Wednesday, March 09, 2005

This Just In: Radio Stinks

According to, rock radio is in trouble:

Ratings for rock radio have been in decline for at least six years, with audiences shrinking by nearly twenty percent. With urban and Hispanic formats increasing nationwide, rock is getting squeezed out.

...Mainstream rock has been hit the hardest: Album-oriented rock stations that rely on staples like Three Doors Down have seen listenership fall seventy percent since 1998. Meanwhile, stations that play harder bands like Godsmack and Alter Bridge haven't developed a larger audience. The poor numbers have left programmers complaining about the quality of recent music. "Some good new bands are getting airplay," says Dave Wellington, program director at Boston's WBCN, a station that plays a mix of modern and classic rock. "But nothing has really emerged as the new grunge, a single style that creates a massive radio movement."

Rock radio's larger struggle may have more to do with America's shifting demographics. Baby boomers, who fueled FM radio's rise in the 1970s, are aging beyond the twenty-four-to-fifty-five-year-old demographic that advertisers pay premium rates to reach. Rock listenership has fallen close to twenty percent in that demographic since 1998, according to Arbitron, which measures radio play.

Meanwhile, the Hispanic population became the county's largest minority population in 2003, and a February Arbitron report says Hispanic buying power is increasing at twice the rate of other demographics. Spanish-language radio ratings are up thirty percent since 1998. In September, Clear Channel -- which owns more than 1,200 radio stations -- announced plans to convert up to twenty-five stations to Spanish language by mid-2006. "The number-one TV station in most Hispanic markets is the Hispanic station," says Phil Quartararo, president of music marketing at EMI. "Radio broadcasters are applying the same theory. It's 'I've got three rock stations slicing up a ten percent market share, while forty-five percent of the population is Hispanic.'"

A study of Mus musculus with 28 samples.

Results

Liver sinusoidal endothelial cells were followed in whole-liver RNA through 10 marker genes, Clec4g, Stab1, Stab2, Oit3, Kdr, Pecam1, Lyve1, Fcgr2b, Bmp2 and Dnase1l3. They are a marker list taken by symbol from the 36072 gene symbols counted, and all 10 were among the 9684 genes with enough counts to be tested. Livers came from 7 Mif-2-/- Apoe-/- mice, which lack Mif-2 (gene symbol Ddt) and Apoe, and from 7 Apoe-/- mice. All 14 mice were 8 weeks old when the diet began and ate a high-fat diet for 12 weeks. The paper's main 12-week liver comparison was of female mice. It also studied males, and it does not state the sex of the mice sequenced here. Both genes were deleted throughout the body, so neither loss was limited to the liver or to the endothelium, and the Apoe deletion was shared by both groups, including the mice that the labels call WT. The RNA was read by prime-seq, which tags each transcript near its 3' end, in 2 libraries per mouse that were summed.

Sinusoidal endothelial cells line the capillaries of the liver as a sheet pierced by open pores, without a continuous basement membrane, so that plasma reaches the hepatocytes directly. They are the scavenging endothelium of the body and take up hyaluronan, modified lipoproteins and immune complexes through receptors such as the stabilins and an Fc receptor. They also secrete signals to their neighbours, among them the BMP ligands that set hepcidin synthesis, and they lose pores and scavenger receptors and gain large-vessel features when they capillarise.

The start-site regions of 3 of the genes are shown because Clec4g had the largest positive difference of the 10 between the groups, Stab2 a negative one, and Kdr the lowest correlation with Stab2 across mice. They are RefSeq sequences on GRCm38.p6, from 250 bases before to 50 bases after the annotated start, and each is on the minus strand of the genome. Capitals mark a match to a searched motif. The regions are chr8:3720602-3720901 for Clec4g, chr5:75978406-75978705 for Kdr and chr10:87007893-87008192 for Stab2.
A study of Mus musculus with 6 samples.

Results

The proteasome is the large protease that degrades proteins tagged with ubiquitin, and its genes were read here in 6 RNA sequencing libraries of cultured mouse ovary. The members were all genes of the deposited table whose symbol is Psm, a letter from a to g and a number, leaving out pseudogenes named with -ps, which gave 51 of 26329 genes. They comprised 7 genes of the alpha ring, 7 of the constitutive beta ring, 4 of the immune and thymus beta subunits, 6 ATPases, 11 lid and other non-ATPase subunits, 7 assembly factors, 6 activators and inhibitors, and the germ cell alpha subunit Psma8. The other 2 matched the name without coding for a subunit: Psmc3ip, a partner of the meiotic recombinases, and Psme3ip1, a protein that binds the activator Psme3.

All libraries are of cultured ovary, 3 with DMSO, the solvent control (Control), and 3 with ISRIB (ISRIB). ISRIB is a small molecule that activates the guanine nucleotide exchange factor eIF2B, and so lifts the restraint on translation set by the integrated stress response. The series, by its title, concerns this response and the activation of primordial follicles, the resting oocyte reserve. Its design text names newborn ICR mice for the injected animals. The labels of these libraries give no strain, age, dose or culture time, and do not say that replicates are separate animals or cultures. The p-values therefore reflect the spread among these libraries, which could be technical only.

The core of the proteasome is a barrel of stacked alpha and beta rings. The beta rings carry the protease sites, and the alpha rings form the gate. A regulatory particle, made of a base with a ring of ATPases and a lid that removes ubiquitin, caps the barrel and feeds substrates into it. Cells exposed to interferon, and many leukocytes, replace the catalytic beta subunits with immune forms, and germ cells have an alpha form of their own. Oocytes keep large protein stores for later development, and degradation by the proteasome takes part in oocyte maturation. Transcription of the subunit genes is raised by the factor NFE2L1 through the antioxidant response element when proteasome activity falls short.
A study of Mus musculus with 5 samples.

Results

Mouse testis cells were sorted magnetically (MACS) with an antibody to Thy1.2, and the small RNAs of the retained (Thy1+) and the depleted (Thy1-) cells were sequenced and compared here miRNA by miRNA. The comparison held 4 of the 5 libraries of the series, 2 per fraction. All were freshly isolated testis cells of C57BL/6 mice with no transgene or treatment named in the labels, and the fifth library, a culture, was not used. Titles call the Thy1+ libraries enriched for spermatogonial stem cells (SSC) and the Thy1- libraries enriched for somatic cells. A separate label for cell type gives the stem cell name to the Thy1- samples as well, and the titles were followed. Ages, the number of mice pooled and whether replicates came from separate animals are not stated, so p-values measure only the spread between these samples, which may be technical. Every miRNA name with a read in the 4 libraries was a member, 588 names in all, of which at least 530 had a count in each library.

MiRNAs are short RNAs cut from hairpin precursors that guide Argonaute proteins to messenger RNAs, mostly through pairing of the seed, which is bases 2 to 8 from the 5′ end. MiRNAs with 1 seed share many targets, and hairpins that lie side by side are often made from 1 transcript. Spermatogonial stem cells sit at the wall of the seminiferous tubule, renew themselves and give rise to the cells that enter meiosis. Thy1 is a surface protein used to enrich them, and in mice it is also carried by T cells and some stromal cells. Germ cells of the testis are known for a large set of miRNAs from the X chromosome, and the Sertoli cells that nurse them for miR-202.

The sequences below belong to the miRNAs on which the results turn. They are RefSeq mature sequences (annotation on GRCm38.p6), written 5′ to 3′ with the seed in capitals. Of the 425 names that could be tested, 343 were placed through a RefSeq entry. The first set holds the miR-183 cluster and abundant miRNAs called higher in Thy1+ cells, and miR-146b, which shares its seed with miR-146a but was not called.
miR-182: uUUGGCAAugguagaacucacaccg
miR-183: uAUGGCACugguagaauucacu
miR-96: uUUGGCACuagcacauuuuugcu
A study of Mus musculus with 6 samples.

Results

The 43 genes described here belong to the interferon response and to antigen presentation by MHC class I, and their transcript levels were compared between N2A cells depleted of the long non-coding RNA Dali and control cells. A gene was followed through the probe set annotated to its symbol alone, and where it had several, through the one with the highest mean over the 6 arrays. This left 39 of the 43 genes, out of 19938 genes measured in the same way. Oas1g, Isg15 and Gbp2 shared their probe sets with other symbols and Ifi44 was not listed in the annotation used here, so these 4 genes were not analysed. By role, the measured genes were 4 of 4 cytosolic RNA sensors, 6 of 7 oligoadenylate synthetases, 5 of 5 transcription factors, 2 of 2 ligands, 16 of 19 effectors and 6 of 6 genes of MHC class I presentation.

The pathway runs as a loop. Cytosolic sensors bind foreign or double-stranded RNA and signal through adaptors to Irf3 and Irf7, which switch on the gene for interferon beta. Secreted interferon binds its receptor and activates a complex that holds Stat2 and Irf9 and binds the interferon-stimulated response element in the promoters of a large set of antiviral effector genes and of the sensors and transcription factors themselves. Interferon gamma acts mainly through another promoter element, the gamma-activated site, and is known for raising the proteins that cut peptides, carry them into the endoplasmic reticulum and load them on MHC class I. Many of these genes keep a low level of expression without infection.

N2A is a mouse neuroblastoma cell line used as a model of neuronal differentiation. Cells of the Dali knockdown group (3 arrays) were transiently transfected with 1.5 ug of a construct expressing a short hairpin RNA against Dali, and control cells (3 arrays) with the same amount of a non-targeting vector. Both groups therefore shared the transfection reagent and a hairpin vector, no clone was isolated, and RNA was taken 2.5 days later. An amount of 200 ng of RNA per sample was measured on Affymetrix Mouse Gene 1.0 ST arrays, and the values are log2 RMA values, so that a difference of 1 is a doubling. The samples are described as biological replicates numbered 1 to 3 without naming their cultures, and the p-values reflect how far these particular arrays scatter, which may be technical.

Finally, hip-hop and R&B have a stronghold on teens and young adults. Only six percent of teenagers are listening to rock at any given time, compared with nearly twenty percent listening to urban radio and forty percent listening to Top Forty radio stations, which are dominated by hip-hop and R&B.

...Rock radio stations might be changing formats just as the music is beginning a renaissance. A new wave of bands including the Killers, Modest Mouse and Franz Ferdinand are gaining play on stations across the country. "Five years ago, I stopped listening to radio completely," says Franz Ferdinand bassist Bob Hardy. "Now there's dozens of new bands I'm keen to hear. It's all just part of the natural cycle of music."
It seems like I've read the same "rock'n'roll is disappearing" article every five years or so. Some times it's up, sometimes it's down, but it's always around (like pollution). It's worth mentioning that MTV2 has just changed its format to feature more rock, some say because Fuse has been successful with a rock and hip-hop format. So I think the problem isn't that there aren't people out there who like rock, it's just that they don't listen to the radio.